Wrong bulletin board

Moving Wrong for the “Right Reasons”

In Health & Wellness, Lifestyle, Therapist's Thoughts by Advance TherapyLeave a Comment

by Brian Allred
This morning I realized something while I was scraping the frost off of my car windows. I always do it the same way. I scrape the driver’s side of the windshield and the side window then I walk the long way around the back of the car to do the same thing on the other side. I have to go the long way because of the tree that I park next to. There isn’t enough room for me to walk between the front of the car and the tree. My realization was that now I can go the short way because we cut the tree down…two years ago. I was honestly shocked to realize that for the last two years I have been going out of my way to avoid a tree that isn’t there.⠀

I’ve seen the same thing in other ways. When I hurt my back, I started sitting on the edge of my bed to put my clothes in the dresser because it hurt to bend over and do it. I haven’t had back pain in years, but I’ve learned to compensate for the pain and I guess nobody ever told me that I didn’t have to compensate anymore. I said something about that to a patient and she told me, “I still get out of bed the same way they taught me after my back surgery 27 years ago.” At least I know that it’s not just me.⠀

It never ceases to amaze me how good our bodies are at adapting. We usually don’t even think about it. We just start limping when our knee hurts. We don’t consciously think, “Since my knee hurts, maybe I can take a shorter step on one side so that I can decrease the stance time and therefore lessen the ground-reaction force which will result in decreased pain.” Our bodies just know. We can do the wrong things for the right reasons. It’s seriously impressive—and that’s coming from a guy who spends a good deal of his day trying to get people to stop limping.⠀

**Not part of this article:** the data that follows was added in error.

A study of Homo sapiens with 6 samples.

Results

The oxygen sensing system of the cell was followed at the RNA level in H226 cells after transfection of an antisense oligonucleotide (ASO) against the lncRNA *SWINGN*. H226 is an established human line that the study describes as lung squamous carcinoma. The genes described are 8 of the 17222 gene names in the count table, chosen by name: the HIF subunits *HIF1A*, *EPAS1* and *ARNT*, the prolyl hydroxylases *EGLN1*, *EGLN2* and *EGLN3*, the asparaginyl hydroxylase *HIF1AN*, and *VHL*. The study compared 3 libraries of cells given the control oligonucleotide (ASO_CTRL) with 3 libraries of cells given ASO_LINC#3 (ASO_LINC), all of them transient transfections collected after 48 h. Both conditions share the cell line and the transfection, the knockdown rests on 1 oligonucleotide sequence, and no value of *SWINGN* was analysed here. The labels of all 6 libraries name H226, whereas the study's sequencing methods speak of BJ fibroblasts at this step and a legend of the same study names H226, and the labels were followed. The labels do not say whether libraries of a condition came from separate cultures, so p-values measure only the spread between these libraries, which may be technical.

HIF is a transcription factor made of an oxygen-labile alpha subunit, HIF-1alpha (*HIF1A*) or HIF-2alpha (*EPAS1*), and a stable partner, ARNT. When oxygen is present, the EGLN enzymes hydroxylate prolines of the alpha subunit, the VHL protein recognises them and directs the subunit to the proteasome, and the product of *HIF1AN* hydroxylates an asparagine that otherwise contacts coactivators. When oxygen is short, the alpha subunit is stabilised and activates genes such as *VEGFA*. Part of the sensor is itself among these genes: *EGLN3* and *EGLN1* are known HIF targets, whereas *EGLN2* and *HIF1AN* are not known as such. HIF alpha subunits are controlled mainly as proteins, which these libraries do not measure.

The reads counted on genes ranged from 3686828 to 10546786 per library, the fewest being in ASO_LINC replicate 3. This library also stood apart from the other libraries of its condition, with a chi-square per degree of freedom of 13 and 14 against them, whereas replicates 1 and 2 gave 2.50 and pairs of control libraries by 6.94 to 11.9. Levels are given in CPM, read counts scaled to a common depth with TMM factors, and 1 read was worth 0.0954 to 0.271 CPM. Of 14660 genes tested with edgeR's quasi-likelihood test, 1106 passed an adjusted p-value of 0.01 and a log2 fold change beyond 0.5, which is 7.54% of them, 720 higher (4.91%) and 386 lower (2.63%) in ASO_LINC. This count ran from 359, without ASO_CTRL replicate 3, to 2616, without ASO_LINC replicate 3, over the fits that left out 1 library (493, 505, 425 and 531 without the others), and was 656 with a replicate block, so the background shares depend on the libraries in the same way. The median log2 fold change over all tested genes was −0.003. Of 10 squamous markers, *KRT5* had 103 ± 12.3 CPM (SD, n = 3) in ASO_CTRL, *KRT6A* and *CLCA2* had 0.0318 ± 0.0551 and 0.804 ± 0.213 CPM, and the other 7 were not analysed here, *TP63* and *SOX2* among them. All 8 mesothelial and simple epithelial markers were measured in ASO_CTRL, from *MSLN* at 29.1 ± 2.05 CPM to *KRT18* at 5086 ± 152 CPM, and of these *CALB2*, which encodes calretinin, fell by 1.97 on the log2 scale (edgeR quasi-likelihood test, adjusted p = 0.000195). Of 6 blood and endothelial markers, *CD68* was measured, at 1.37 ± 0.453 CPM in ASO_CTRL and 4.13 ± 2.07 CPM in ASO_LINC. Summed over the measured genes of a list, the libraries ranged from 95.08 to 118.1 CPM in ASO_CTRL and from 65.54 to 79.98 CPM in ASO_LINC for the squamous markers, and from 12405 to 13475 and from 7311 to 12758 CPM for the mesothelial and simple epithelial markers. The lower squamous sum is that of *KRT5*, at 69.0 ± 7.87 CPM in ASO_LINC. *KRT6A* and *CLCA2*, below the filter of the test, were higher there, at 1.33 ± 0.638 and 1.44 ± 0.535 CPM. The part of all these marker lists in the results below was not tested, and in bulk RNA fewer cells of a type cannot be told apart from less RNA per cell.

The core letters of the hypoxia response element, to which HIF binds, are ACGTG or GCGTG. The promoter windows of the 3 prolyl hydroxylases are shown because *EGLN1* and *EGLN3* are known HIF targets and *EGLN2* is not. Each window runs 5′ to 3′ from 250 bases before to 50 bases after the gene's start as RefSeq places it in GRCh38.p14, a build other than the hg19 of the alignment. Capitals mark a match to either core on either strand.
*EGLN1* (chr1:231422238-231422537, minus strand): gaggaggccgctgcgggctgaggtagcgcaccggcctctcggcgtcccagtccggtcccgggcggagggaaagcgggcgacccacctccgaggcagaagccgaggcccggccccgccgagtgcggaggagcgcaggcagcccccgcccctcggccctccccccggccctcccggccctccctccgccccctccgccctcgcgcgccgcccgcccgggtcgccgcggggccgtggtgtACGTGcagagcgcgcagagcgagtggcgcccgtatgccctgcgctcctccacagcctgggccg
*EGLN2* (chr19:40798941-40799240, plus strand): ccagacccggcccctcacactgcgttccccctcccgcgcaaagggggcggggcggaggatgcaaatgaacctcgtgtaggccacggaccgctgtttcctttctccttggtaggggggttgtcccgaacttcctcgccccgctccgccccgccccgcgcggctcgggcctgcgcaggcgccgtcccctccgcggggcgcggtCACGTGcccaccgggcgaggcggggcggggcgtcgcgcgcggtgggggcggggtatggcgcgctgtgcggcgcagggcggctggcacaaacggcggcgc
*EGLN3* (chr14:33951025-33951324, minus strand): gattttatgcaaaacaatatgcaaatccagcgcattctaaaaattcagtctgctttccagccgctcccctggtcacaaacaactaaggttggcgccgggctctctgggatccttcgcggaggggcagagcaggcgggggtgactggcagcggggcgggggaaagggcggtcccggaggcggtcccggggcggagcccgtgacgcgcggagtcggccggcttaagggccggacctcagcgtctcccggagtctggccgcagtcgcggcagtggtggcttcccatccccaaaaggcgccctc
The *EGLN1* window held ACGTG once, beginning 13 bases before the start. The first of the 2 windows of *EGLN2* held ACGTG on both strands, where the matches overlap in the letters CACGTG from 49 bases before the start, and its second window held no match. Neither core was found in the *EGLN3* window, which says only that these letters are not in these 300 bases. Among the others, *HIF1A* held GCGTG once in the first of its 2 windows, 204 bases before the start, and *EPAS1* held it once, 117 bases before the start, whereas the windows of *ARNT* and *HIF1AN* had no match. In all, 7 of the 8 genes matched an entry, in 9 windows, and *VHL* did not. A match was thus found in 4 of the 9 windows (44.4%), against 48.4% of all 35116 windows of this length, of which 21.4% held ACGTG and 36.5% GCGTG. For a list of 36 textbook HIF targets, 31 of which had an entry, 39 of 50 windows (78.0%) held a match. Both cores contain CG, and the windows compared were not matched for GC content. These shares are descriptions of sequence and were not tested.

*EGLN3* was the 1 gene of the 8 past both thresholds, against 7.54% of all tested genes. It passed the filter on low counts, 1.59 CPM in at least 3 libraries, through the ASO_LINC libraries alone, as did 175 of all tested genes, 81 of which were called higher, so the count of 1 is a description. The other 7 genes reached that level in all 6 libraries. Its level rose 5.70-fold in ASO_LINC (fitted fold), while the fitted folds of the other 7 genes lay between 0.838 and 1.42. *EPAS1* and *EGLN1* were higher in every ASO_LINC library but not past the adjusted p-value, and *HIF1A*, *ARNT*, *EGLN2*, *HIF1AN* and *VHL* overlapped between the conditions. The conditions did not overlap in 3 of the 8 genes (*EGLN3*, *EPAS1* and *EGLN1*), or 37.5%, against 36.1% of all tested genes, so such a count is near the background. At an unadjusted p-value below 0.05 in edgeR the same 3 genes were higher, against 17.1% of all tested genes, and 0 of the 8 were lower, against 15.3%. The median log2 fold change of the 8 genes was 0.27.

The problem comes when our compensations stop being compensations and start being deviations—things that we do wrong for the wrong reasons. That’s the shoulder that shrugs when you lift your arm or the hip that doesn’t let you straighten up, or that little shuffle you do when you walk.⠀

So try to find the “invisible trees” that are changing the way you move. I’m sure you’ll be surprised at how many you’ll find and you’ll be able to start moving in ways that you haven’t moved in years.